New research out of the University of California in San Francisco is indicating that playing a 3D racing game could be a, "way to reverse some of the negative effects of aging on the brn".
The research uses a 3D driving games called NeuroRacer
- see it in action below - as its main experimental tool. It's no student one-off either, it's been developed by Adam Gazzaley, MD, PhD, UCSF associate professor of neurology, physiology and psychiatry and director of the Neuroscience Imaging Centre.
According to info from the study, "in the game, participants race a car around a winding track while a variety of road signs pop up. Drivers are instructed to keep an eye out for a specific type of sign, while ignoring all the rest, and to press a button whenever that particular sign appears. The need to switch rapidly from driving to responding to the signs – i.e. multitasking – generates interference in the brain that undermines performance. The researchers found that this interference increases dramatically across the adult lifespan.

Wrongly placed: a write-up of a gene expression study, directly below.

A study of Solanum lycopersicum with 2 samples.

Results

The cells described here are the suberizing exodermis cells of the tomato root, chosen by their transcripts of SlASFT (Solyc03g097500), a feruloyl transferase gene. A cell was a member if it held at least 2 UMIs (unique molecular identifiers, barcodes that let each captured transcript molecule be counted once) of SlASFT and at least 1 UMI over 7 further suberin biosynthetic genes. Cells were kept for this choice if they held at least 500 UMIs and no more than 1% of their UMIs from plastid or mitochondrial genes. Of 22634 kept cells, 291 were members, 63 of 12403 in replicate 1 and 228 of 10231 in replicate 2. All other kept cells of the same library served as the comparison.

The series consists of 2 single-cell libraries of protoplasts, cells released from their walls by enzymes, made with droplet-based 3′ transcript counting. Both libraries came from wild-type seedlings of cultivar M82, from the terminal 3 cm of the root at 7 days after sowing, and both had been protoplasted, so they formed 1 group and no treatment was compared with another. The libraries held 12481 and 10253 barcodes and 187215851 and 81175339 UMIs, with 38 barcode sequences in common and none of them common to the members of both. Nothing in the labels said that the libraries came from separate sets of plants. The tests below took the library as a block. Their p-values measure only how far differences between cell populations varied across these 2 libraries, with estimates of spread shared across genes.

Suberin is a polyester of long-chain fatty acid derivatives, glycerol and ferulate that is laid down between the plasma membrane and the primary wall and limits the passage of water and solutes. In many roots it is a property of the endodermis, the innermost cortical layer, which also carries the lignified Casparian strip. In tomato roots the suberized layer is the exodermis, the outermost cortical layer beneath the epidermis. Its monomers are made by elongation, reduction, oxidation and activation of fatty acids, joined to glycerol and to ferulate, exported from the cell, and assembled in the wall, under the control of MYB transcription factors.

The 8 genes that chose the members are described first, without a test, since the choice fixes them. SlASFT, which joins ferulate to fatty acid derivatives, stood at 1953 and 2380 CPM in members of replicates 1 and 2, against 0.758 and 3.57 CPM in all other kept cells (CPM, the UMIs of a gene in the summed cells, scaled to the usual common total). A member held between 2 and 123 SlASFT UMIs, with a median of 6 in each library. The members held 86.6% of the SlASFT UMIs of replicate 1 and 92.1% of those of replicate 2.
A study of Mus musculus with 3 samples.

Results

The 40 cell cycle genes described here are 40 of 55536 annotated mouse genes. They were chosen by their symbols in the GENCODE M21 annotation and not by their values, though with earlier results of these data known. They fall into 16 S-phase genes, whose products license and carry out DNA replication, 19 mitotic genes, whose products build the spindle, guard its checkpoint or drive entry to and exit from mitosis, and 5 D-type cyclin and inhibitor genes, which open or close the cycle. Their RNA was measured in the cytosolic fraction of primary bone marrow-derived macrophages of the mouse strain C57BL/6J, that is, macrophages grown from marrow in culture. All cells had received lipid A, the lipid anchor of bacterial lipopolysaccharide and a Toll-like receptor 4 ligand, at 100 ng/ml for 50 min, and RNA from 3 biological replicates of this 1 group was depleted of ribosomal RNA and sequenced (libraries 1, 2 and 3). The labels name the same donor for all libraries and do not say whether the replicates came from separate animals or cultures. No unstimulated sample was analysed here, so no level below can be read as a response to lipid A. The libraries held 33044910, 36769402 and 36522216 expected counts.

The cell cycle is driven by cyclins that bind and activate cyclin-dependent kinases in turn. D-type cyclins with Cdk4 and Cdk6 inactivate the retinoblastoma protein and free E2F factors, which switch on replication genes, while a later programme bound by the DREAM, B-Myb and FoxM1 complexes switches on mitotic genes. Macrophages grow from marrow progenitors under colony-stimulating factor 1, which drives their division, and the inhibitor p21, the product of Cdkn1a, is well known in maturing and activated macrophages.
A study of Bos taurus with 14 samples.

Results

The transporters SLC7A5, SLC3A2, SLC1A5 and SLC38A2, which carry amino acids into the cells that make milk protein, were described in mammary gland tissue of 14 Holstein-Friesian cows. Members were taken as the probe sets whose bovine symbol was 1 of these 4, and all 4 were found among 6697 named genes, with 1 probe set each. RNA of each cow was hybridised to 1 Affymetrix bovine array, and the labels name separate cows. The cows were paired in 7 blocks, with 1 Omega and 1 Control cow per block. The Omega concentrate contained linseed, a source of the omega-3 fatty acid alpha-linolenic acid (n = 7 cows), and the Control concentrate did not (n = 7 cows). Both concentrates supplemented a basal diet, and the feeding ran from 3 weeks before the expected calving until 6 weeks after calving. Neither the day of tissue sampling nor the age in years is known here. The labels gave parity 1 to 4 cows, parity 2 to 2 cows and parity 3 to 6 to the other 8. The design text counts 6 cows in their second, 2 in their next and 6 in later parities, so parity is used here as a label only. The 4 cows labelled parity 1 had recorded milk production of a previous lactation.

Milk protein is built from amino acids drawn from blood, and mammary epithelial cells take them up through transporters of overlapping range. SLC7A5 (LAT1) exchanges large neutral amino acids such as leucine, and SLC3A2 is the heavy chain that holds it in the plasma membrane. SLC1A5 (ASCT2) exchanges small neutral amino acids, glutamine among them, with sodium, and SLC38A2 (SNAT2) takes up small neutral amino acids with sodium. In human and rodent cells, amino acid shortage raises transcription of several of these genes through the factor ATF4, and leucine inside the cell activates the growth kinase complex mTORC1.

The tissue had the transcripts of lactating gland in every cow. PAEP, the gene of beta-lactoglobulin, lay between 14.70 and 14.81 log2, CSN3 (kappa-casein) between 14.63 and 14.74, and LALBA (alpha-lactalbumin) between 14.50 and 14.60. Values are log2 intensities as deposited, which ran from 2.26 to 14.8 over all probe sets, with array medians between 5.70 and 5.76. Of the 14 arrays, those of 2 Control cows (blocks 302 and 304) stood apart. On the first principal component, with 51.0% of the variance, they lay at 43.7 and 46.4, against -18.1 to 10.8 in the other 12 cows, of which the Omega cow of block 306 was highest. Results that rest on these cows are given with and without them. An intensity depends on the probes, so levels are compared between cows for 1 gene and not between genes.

"But after receiving just 12 hours of training on the game, spread over a month, the 60- to 85-year-old study participants improved their performance until it surpassed that of 20-somethings who played the game for the first time.
The training also improved the participants’ performance in two other important cognitive areas: working memory and sustained attention. And participants maintained their skills at the video games six months after the training had ended."More info here. and here.